Defending champ wins back-to-back
Southend Wheelers hill climb titles
Autumn marks the briefest of seasons in the British cycling calendar, hill climbing. Throughout the UK, local clubs scour the landscape for the most brutalising inclines and then invite others to pedal up them.
Often the course is so short that each individual effort takes no more than a handful of minutes, but the pain from the lung-bursting effort lasts far longer…
North Hill in Danbury has long been Southend Wheelers’ favoured location for its annual hill climb championship. The course is just 0.7 kilometres long, but rises up 82 metres with an average gradient of 11.7%.
With the remnants of storm Brian adding to the challenge, Carole Cartwright gamely got the event underway. Sadly her challenge was over almost as soon as it had begun as her bike suffered a mechanical problem forcing her to retire immediately.
Martin Harris grimly powered up the hill to set the best time of 2 minutes 47 seconds, pipping fellow Veteran class competitor Andy Merchant by thirteen seconds. Moments later, the laboured breathing of John Gretton could be heard before the man himself could be seen. Despite sounding like a rutting badger, his pace was certainly effective and he topped the time sheet with 2.22.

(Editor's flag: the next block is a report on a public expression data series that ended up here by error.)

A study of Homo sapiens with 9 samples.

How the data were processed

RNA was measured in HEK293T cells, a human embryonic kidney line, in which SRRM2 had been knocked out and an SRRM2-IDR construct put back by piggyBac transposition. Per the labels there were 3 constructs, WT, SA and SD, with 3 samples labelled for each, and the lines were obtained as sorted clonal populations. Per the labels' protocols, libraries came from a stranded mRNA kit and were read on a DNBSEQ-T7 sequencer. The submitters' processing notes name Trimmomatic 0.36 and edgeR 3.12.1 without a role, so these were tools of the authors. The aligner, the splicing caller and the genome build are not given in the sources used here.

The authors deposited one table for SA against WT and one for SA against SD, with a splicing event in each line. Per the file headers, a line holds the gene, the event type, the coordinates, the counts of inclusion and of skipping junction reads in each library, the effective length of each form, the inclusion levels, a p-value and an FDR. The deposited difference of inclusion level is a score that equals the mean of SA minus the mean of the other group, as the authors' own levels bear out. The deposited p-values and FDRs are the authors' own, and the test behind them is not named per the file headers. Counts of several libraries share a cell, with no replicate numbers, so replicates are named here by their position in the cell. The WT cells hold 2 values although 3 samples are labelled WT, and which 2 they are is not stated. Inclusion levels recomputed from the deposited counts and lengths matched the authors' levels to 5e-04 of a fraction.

With times ranging between three and four minutes to beat in the Women’s category, Paglesham teenager Katie-Ann Elliston looked like the one to beat. However, rather than use a ‘normal’ road bike, the talented track rider opted for a fixed gear machine. The tactic worked as Katie-Ann ground the pedals round with grim determination and set a time that put several of her male counterparts in the shade. Her time of 2.19 emphatically crowned Elliston as the female champion.
Meanwhile, defending champion Ben Willy was still inside Danbury Village Hall warming up, while his rivals shivered at the bottom of North Hill, waiting to start.
Asked what his game plan was beforehand, Dan Pugh replied with a big smile, “I’m going to smash it!” He was good to his word and grimaced as he crossed the finishing line, having laid everything out on the road to set a time of 1.55. As Pugh slumped over his bike’s handlebars gasping for breath, newcomer Matt Jones posted an astonishing 1.51.
With his young family and fellow club mates lining the pavements to cheer him on, Westcliff’s Willy put on an impressive display as he turned a big gear over right from the start. He stayed in the big ring all the way and it was Ben’s powerful effort of 1.48 that put him on the top step of the podium.
Joking afterwards with Pugh and Jones, Willy patted one of his thighs and said: “It’s all well and good being skinny and lightweight, but on a course like this you need power!”